Question: I am moving jobs and need to make a decision about the pension scheme I have paid with my previous employer, I have been advised to move my funds into a Retirement Bond and I am unsure what to do with this.
Answer: We now live in an era where people are more mobile in jobs. It is estimated that the average time frame that somebody will stay in a position is 7 years.
It is conceivable that, when you reach retirement age, to have a number of pension schemes from previous employers.
When you move employment you will be offered a number of options. One is to move your monies into a Retirement Bond which gives you control over the investment of your benefits without the involvement of your previous employer, subject to normal Revenue retirement rules.
I would recommend that this is the most flexible option and there is also the added attraction that you could drawdown your pension after age 50.
Question: Should everybody have a pension scheme?
Answer: Of course everybody should. The problem is the affordability for some people but even if you start small, also remember that you cannot work forever and that you need to provide for your old age.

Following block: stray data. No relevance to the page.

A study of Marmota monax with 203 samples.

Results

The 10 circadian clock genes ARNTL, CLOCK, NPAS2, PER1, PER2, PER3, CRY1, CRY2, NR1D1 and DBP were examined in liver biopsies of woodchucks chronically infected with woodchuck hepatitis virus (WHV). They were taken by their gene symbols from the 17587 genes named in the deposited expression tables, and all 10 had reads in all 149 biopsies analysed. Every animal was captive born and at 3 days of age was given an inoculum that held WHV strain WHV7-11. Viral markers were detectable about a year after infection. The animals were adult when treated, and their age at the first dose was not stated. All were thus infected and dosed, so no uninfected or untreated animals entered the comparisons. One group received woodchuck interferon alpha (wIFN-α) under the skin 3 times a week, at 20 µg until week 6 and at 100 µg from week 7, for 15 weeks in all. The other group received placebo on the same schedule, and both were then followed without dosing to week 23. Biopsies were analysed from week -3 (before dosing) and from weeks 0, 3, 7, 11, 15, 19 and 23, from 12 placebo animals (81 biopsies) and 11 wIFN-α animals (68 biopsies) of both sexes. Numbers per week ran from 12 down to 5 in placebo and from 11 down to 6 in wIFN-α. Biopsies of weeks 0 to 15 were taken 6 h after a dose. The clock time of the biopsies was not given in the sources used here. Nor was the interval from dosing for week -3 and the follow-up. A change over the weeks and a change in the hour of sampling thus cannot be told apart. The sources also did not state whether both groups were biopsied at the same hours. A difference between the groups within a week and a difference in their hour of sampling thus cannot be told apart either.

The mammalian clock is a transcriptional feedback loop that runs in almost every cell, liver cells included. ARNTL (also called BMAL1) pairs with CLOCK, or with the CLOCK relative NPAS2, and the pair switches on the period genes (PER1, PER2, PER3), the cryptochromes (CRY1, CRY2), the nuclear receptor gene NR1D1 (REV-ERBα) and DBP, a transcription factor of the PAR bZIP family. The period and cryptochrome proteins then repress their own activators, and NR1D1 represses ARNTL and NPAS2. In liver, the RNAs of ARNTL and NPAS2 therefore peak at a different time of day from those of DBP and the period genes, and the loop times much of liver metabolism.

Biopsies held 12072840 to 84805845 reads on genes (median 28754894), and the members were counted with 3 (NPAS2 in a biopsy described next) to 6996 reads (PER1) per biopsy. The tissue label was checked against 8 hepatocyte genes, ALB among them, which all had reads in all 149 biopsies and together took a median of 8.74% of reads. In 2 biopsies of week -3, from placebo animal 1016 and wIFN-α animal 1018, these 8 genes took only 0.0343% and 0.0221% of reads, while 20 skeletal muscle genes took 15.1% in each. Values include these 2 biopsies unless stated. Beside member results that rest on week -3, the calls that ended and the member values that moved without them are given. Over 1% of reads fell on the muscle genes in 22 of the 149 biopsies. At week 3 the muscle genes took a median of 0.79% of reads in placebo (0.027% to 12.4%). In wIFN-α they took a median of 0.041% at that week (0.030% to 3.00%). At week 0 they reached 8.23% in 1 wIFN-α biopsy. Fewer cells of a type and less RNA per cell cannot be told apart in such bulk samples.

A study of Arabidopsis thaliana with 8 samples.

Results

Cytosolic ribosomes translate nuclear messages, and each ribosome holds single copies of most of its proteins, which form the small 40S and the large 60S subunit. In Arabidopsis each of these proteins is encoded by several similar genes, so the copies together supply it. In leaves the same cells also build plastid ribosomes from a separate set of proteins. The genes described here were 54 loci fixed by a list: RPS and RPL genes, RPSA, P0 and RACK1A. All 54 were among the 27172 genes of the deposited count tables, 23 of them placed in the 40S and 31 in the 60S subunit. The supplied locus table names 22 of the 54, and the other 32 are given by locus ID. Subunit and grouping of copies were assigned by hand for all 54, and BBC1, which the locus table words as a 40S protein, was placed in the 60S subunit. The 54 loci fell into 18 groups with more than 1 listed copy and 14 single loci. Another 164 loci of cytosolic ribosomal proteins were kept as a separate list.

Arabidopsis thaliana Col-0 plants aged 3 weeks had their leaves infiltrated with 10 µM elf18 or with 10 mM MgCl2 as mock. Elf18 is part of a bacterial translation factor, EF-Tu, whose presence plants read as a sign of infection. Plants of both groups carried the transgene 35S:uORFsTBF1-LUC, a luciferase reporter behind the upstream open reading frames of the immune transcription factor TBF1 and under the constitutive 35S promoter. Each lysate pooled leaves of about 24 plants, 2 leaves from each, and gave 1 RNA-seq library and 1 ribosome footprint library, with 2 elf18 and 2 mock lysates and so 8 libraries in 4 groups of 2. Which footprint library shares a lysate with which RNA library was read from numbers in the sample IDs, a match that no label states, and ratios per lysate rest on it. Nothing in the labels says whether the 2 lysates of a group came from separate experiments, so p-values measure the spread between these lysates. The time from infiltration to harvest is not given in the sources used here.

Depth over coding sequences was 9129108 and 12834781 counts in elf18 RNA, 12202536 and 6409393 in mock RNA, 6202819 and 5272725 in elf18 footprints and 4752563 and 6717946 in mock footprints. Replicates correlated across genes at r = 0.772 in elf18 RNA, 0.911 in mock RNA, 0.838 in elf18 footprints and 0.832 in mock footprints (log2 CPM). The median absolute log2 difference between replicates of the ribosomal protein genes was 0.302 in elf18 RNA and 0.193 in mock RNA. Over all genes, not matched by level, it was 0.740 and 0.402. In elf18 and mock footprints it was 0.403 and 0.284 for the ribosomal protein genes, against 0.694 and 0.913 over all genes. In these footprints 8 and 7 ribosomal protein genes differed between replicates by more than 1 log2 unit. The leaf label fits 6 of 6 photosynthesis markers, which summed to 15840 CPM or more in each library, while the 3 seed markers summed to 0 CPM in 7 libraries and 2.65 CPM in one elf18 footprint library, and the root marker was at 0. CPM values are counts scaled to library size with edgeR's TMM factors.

If you are in employment and there is an Occupational Scheme available, you will benefit from contributions made by your employer.
You will also receive tax relief on your own contributions you, which in my opinion makes entering an occupational scheme—a no brainer!
Question: I have some money which recently matured with An Post but they are offering me extremely low returns for reinvesting it. What other options do I have?
Answer: Some people think that the rates from An Post are more attractive than alternative options. The problem is that An Post is a deposit taker like any bank and is influenced by market rates. The average return with An Post is circa 1% per annum and whilst you have considerable security, it comes at a price.
The reality is that investors will have to take some element of risk if they want to achieve reasonable returns.
Question: I am a PAYE worker and I need to make a tax return which I have not needed to do recently. Do I need an accountant or can I do it myself?
Answer: A lot more PAYE workers are finding that they have to make a tax return, when they did not have to do so previously. This is because they may have other sources of income e.g. rents or they wish to make a claim for an allowance etc.
If your situation is fairly straight forward, it is not that difficult to do the return yourself and there is considerable help on the revenue website. Alternatively, if you are more comfortable you could go to an accountant and request that he does the return for you and you probably could then do it yourself in future years.